From Mexico, 'The Violin' Tugs Stirringly at the Heartstrings

Don Angel Tavira, left, as a one-handed Central American peasant whose cunning and courage elevate him to revolutionary hero in
Don Angel Tavira, left, as a one-handed Central American peasant whose cunning and courage elevate him to revolutionary hero in "The Violin." (Film Movement)

Special to The Washington Post
Friday, February 15, 2008

An acting award at Cannes, film festival honors worldwide and bouquets from the likes of Giullermo del Toro ("Pan's Labyrinth") have strewn rose petals in the path of "The Violin" -- a picture better imagined dragging its way along a dirt road in some neglected corner of Mexico.


After the opening sequence concludes, we cut to the aging Plutarco (Don Angel Tavira) and as a result immediately see him in the role of symbolic Mexican peasant and, perhaps, revolutionary icon. We don't know how he lost his right hand, but we've seen the torture going on around him; that he makes his living playing violin by tying the bow to his stump suggests a particularly cruel twist of fate, or more likely the unspeakable brutality of his fellow man. With his son Genaro (Gerardo Taracena) and grandson, Lucio (Mario Garibaldi), he travels the roads playing music, Lucio collecting money and Genaro passing notes and amassing arms for the guerrilla army training in the forests of this unspecified rural region.

When soldiers raid their village, seizing Genaro's wife, among others, the rest of the villagers flee. Left behind is a cache of ammunition that is small, but desperately needed. While the various rebel battalions decide how to launch an offensive against the government's troops, Plutarco executes an old man's stratagem, one based on cunning, patience and music.

"The Violin" is obviously not your typical political suspense film -- it revels in the rural glories of Mexico, the crags in the landscape and in Plutarco's weathered face. There is the implied irony -- one common to any film that actually notices the nature surrounding a story -- that man's inhumanity is not just stupid but insignificant. When all that populates these mountains is dead, "The Violin" says, the wind will still be breathing through the trees.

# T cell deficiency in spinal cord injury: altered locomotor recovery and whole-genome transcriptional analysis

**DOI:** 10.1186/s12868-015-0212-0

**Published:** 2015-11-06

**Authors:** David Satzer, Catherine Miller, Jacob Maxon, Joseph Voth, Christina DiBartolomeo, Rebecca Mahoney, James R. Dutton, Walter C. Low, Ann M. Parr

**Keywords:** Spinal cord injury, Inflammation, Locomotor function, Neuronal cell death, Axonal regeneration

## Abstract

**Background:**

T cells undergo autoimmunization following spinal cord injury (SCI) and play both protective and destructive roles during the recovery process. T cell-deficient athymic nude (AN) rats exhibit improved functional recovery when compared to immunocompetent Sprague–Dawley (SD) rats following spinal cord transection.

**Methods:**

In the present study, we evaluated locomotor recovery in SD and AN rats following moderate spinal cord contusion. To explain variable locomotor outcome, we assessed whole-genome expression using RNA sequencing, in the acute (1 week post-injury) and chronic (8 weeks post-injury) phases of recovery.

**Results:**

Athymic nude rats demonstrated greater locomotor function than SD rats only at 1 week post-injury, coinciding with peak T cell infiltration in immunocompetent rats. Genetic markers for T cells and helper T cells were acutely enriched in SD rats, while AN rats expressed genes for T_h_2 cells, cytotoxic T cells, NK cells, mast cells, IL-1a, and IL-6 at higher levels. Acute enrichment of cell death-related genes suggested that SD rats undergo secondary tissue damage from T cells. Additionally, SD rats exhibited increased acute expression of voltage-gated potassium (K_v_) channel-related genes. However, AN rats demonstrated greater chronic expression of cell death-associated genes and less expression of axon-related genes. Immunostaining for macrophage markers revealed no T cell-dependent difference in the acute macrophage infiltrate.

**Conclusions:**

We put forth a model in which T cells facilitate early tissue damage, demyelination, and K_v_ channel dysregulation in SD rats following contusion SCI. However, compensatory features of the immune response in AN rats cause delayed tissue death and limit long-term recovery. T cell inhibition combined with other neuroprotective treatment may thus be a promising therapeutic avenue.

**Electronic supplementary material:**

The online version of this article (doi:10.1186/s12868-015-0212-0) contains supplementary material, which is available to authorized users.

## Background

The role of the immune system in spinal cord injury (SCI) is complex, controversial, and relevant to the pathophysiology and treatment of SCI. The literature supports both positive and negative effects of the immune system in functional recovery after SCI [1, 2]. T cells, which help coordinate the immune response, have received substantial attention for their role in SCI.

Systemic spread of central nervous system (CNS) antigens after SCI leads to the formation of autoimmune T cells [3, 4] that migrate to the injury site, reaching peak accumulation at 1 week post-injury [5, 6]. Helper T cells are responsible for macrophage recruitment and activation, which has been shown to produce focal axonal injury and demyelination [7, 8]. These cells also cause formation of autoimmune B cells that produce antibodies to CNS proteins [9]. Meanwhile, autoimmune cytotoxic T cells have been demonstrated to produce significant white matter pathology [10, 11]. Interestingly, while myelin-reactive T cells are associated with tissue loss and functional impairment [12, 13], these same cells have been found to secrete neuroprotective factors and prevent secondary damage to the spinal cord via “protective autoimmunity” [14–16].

So it's not coincidental that what separates man from his fellow woodland creatures -- art -- is the device by which Plutarco wheedles his way into the confidence of the Captain (Dagoberto Gama). The unctuous officer bars Plutarco's way back to his village (and his bullets), but he is also a frustrated musician, one pathetically without talent but whom Plutarco can wrap around his finger. While the captain's men roll their eyes and move out of earshot when their commander picks up the violin, Plutarco grits his teeth and eventually gets what he wants. At least for a time.

A beautiful film, and a heartbreaker, "The Violin" transcends its politics -- which are so generically south-of-the-border that the film becomes far more of a parable than a manifesto. And you can't have a parable without a lesson learned, and hope regained: Without giving too much away, the closing shot is straight out of Chaplin's "Modern Times" -- another film that took a dour view of the human condition, while embracing the elusive possibility that it all might someday change.

The Violin (98 minutes, in Spanish with English subtitles, at Landmark's E Street Cinema) is not rated but contains violence and vulgarity.